I am a PhD astronomer, working on galaxy evolution and extragalactic surveys.
Astronomy is much more than a job for me. It is actually my passion since when I was a child. One summer, my father equipped his catadioptric 500mm lens with an eyepiece and pointed it to Saturn. Then was when I decided I would become an Astronomer. I think I was probably ten years old, or even younger.
I studied at the Astronomy Department of the Padova University, where I completed both my Master and PhD degrees. Through the years I have worked at The Astronomy Department and Observatory in Padova; at the Center for Astrophysics and Space Sciences (CASS) of the University of California San Diego; and at the Max Planck Institut für Extraterrestrische Physik in Garching bei München. I am now at the Institut de Radioastronomie Millimétrique (IRAM) in Grenoble, working at the joys of the KIDs array NIKA2, a revolutionary millimetric instrument.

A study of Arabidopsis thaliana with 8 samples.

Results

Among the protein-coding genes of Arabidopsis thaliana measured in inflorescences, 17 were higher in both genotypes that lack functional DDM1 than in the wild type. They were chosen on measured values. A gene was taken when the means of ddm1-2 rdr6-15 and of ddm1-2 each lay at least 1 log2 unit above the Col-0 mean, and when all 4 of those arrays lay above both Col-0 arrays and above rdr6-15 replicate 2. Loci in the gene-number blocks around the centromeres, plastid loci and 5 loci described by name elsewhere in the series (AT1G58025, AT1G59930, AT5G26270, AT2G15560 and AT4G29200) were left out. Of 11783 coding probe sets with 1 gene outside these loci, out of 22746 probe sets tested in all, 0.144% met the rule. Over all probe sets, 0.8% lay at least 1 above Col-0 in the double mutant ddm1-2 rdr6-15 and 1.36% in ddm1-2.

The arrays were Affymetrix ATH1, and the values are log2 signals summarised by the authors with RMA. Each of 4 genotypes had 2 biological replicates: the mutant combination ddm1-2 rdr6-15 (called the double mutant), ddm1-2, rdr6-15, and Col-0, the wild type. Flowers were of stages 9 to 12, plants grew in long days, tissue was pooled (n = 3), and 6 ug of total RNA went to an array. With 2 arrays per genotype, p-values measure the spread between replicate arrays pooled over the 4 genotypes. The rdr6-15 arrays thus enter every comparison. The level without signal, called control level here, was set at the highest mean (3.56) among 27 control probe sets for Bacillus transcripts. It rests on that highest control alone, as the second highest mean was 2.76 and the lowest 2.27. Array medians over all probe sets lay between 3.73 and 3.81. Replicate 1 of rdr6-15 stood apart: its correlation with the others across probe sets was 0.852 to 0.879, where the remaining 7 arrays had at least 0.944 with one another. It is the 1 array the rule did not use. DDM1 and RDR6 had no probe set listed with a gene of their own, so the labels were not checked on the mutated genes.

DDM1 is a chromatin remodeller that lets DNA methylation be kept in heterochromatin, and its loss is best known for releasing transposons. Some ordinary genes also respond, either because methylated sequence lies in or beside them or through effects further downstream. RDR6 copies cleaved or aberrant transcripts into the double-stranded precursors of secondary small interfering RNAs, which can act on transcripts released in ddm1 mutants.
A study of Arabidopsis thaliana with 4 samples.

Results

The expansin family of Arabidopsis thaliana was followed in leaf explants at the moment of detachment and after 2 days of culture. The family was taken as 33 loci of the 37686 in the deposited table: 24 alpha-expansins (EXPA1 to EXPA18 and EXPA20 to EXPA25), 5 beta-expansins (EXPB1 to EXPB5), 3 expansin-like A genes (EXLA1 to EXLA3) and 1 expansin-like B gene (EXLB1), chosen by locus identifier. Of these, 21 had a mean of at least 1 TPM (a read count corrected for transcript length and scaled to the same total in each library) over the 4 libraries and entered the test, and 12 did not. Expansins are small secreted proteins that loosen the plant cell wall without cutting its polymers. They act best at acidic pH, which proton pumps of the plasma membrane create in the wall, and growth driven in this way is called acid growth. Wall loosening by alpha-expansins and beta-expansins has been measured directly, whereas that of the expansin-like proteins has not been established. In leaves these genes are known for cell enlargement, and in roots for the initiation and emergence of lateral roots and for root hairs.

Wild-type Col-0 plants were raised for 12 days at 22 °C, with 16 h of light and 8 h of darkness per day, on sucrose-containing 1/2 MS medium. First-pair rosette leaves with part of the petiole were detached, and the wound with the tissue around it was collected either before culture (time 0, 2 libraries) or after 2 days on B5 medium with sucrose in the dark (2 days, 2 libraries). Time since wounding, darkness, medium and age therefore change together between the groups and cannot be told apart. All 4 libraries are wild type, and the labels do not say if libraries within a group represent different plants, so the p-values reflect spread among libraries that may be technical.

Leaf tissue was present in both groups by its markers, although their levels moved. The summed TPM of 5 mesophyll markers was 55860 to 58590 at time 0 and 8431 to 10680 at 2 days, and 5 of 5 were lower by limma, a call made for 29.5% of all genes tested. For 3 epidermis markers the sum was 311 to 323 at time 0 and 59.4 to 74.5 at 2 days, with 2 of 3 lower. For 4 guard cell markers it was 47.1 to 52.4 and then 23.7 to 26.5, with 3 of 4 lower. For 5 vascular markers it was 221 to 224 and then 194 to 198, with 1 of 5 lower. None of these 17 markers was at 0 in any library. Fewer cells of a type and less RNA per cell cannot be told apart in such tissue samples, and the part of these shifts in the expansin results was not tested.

My interests are related to the classical questions of galaxy evolution and formation. They span from the build up of the stellar content in galaxies, all the way to they possible AGN component, passing through their dust and gas budget. I was and am part of major infrared and multi-wavelength surveys and consortia, such as SWIRE (Spitzer), PEP (Herschel), COSMOS.
I have handled optical, near-IR, mid-IR, far-IR data, imaging and spectroscopy, and now I moved to even longer wavelengths. I am familiar with ISO, Spitzer, Herschel, NIKA2 data and surveys. In these pages dedicated to astronomy, you can find details on my own research, as well as some other useful tools.